Dissertations, Theses, and Capstone Projects

Date of Degree


Document Type


Degree Name





David Foster

Committee Members

Patricia Rockwell

Diego Loayza

Anjana Saxena

Richard Possemato

Subject Categories

Biology | Cancer Biology | Medicine and Health Sciences


Cancer Metabolism, Cell Cycle Regulation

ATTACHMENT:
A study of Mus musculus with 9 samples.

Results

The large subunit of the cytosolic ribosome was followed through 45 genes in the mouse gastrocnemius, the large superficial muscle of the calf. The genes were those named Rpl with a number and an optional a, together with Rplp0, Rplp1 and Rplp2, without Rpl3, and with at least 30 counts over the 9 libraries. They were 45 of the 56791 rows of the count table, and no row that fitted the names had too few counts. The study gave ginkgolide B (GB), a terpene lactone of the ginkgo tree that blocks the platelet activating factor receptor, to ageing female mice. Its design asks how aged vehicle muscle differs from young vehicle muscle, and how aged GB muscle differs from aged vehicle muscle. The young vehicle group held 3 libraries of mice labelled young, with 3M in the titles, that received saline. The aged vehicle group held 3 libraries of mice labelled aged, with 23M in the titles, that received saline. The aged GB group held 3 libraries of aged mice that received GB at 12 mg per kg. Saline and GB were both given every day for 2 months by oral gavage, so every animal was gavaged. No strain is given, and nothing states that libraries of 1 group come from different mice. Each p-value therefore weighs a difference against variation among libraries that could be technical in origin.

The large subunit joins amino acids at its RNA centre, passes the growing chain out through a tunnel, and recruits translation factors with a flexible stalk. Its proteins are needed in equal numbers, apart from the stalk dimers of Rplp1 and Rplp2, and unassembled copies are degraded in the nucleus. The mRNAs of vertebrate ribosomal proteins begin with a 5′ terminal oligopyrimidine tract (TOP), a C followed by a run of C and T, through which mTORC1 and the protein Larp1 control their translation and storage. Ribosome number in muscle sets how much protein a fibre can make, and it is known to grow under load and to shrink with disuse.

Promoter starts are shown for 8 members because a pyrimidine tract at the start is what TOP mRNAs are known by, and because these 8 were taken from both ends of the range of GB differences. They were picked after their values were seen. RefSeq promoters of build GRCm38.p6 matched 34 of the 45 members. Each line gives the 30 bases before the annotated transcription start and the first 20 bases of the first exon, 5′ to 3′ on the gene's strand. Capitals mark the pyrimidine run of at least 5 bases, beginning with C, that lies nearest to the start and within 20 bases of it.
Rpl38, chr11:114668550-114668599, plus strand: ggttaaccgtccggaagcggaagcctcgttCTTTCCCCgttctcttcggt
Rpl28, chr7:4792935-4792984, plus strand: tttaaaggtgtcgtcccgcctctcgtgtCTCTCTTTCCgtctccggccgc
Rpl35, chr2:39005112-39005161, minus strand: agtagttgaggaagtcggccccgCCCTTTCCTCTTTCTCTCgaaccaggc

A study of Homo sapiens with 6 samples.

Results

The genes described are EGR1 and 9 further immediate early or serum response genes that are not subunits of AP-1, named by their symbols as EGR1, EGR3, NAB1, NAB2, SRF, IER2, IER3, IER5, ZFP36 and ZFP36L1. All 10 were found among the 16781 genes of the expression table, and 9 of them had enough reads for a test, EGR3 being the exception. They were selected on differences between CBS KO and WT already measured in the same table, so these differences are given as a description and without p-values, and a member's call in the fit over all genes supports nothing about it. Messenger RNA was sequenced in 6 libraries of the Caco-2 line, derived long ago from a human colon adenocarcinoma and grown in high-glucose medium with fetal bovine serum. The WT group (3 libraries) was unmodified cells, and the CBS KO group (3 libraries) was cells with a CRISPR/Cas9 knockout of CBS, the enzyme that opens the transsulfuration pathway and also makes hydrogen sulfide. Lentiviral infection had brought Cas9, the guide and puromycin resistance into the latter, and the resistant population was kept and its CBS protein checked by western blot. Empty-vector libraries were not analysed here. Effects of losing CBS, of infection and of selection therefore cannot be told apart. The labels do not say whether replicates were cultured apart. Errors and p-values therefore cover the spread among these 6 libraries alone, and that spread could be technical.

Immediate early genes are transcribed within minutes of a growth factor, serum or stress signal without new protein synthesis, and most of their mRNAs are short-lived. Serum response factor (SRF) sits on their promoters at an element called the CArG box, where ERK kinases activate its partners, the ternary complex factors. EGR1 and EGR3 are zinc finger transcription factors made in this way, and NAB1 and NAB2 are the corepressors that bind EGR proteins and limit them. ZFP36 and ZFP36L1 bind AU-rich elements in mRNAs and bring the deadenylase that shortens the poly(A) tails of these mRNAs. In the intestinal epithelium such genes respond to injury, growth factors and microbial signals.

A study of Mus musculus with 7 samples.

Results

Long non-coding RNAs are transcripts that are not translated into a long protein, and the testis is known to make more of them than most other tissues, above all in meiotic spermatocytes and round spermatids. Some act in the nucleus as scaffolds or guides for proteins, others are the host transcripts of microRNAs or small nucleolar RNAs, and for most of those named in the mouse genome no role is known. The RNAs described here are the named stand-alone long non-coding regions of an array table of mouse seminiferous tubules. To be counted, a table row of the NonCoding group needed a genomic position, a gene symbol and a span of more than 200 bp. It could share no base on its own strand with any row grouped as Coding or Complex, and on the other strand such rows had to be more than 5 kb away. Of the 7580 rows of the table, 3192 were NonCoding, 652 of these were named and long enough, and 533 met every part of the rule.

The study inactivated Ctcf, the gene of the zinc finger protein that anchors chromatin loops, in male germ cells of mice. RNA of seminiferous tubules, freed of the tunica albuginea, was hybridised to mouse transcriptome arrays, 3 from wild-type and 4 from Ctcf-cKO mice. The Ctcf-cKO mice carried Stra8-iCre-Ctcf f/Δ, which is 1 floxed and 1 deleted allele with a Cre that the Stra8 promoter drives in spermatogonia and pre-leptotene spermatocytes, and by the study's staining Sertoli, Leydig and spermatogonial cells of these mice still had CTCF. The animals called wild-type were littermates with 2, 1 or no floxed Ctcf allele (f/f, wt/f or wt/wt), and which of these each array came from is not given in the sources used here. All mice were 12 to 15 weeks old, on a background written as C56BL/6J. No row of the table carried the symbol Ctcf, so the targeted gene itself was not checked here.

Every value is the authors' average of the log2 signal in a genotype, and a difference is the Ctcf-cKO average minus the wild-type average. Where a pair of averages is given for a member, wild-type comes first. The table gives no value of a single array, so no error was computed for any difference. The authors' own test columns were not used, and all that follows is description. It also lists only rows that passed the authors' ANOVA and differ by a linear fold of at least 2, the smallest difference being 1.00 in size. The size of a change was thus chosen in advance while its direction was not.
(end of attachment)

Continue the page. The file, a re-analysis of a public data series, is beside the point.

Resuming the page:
Progression through G1 phase of the cell cycle is controlled largely by growth factors in early G1 and by nutrients in late G1 indicating sufficient raw material for cell division. We previously mapped a late G1 cell cycle checkpoint for lipids upstream from a mammalian target of rapamycin complex 1 (mTORC1)-mediated checkpoint and downstream from a mid-G1 checkpoint known as the Restriction point. We therefore investigated a role for lipids in progression through late G1 into S-phase. Quiescent BJ-hTERT human fibroblasts primed back into G1 with FBS treatment, were treated with a mixture of lipids and carrier bovine serum albumin (BSA) along with [3H]-thymidine deoxyribose ([3H]-TdR) to monitor progression into S-phase. Surprisingly, BSA by itself, was more effective than FBS in promoting progression to S-phase – the lipids had no impact on progression. While insulin strongly stimulated mTORC1 activity, it did not impact [3H]-TdR incorporation. We show that though BSA only sustained low levels of mTORC1 activity, rapamycin strongly inhibited BSA-induced progression to S-phase. BSA treatment promoted mitosis evident from an increase in cell number after treatment, but not progression through a second G1. Thus, after priming quiescent cells with FBS, albumin was sufficient to promote progression into S-phase. The BSA did not compensate as a source of free amino acids in that amino acids were present in the culture media and additional increasing doses of exogenous amino acids did not affect DNA synthesis. We propose that the presence of albumin – the most abundant protein in serum – signals to the cell a broader availability and variety of amino acids over abundance.